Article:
Assessing the Attitude of Women Towards Pregnancy, Childbirth, and Child Care during the COVID-19 Pandemic (A Cross-sectional Study)
Kiavash Hushmandi1, Sam Saghari2, Rasoul Raesi3, *
Identifiers and Pagination:Year: 2023
E-location ID: e187494452304180
Publisher ID: e187494452304180
Article History:Received Date: 16/02/2023
Revision Received Date: 29/03/2023
Acceptance Date: 31/03/2023
Electronic publication date: 06/06/2023
Collection year: 2023
open-access license: This is an open access article distributed under the terms of the Creative Commons Attribution 4.0 International Public License (CC-BY 4.0), a copy of which is available at: https://creativecommons.org/licenses/by/4.0/legalcode. This license permits unrestricted use, distribution, and reproduction in any medium, provided the original author and source are credited.
This study assessed the attitude of mothers toward pregnancy, childbirth, and child care during the COVID-19 pandemic, given the significance of women's attitudes toward these parameters and the paucity of relevant national studies.
Pregnant women are among the most high-risk groups for developing COVID-19, and the pandemic may affect the attitude of pregnant women towards pregnancy, childbirth, and child care.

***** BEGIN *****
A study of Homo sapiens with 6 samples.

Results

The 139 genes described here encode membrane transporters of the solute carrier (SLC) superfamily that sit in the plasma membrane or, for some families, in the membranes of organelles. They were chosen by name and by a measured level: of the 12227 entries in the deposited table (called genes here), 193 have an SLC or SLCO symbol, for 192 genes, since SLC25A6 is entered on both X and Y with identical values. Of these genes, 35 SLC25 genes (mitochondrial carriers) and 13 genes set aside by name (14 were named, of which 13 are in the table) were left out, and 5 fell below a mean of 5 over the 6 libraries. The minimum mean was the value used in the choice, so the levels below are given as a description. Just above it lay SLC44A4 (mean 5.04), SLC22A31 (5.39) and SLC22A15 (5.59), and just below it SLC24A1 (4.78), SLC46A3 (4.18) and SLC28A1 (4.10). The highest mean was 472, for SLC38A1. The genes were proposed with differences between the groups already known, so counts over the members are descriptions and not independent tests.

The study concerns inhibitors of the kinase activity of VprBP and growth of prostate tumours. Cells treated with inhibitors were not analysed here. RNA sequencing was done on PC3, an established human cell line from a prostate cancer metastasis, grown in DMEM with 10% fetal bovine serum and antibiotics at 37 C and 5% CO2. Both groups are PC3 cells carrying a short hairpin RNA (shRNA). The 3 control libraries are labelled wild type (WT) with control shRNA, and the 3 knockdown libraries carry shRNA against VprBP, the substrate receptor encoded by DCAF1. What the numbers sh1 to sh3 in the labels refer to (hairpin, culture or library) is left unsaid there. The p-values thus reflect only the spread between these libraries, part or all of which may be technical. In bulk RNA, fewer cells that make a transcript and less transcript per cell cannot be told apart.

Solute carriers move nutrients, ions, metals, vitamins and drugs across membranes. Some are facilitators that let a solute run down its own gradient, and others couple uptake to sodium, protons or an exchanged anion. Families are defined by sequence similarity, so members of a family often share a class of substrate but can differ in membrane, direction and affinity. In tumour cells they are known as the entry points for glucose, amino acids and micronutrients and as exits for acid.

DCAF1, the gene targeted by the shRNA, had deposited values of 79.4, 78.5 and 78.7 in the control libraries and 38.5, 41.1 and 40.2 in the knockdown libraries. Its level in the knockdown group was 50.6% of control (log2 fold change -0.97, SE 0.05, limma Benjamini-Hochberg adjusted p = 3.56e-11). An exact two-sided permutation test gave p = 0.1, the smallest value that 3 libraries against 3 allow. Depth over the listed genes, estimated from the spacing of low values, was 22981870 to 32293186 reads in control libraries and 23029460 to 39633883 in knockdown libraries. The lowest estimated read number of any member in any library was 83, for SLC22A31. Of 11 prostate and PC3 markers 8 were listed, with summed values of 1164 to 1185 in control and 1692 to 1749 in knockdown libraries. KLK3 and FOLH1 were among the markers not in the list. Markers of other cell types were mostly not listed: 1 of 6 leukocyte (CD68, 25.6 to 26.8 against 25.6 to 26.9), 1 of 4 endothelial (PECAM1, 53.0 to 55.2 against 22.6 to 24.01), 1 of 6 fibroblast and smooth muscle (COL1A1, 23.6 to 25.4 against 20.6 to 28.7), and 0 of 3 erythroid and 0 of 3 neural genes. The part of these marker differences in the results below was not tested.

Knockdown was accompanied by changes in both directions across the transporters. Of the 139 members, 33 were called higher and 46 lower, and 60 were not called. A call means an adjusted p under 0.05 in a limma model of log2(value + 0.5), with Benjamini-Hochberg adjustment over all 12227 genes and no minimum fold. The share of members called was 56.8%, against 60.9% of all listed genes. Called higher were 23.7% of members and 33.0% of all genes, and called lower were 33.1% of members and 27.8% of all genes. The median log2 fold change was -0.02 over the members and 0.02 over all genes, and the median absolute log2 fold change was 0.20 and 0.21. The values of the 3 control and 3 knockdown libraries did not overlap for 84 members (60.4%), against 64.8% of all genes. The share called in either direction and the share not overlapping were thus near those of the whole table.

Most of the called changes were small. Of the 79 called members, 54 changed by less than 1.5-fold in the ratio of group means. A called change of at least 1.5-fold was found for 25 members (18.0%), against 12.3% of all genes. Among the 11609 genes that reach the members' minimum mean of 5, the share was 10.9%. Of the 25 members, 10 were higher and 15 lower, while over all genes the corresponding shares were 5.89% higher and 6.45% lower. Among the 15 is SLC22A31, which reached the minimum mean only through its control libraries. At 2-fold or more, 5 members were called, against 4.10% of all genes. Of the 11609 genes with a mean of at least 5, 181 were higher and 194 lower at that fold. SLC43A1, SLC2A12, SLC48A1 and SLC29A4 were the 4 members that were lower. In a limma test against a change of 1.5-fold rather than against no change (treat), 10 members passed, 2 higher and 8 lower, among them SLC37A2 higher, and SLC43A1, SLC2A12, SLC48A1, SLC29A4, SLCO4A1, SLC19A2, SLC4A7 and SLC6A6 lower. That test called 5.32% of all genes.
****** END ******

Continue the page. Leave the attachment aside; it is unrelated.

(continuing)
This cross-sectional study was built on the census method to enroll 192 women admitted to comprehensive health centers in Khaf City, Iran, in 2021. The data were collected using an electronic questionnaire and analyzed using an independent t-test, one-way analysis of variance (ANOVA), and Tukey's post-hoc test. P-values < 0.05 were considered significant.
The majority of the participants were 30 years old or younger. The mean attitude towards pregnancy, childbirth, and child care (APCCC) score of the participants was 19.21 ± 8.49. Significant differences were found between the mean APCCC score and the mean scores of APCCC subscales in those with and without a history of developing COVID-19, a family member with COVID-19, a history of hospitalization for COVID-19, and a family member with a history of hospitalization for COVID-19 (P < 0.001).
Negative APCCC can lead to population challenges and a decline in the birth rate; therefore, relevant authorities must take necessary steps to address this critical problem.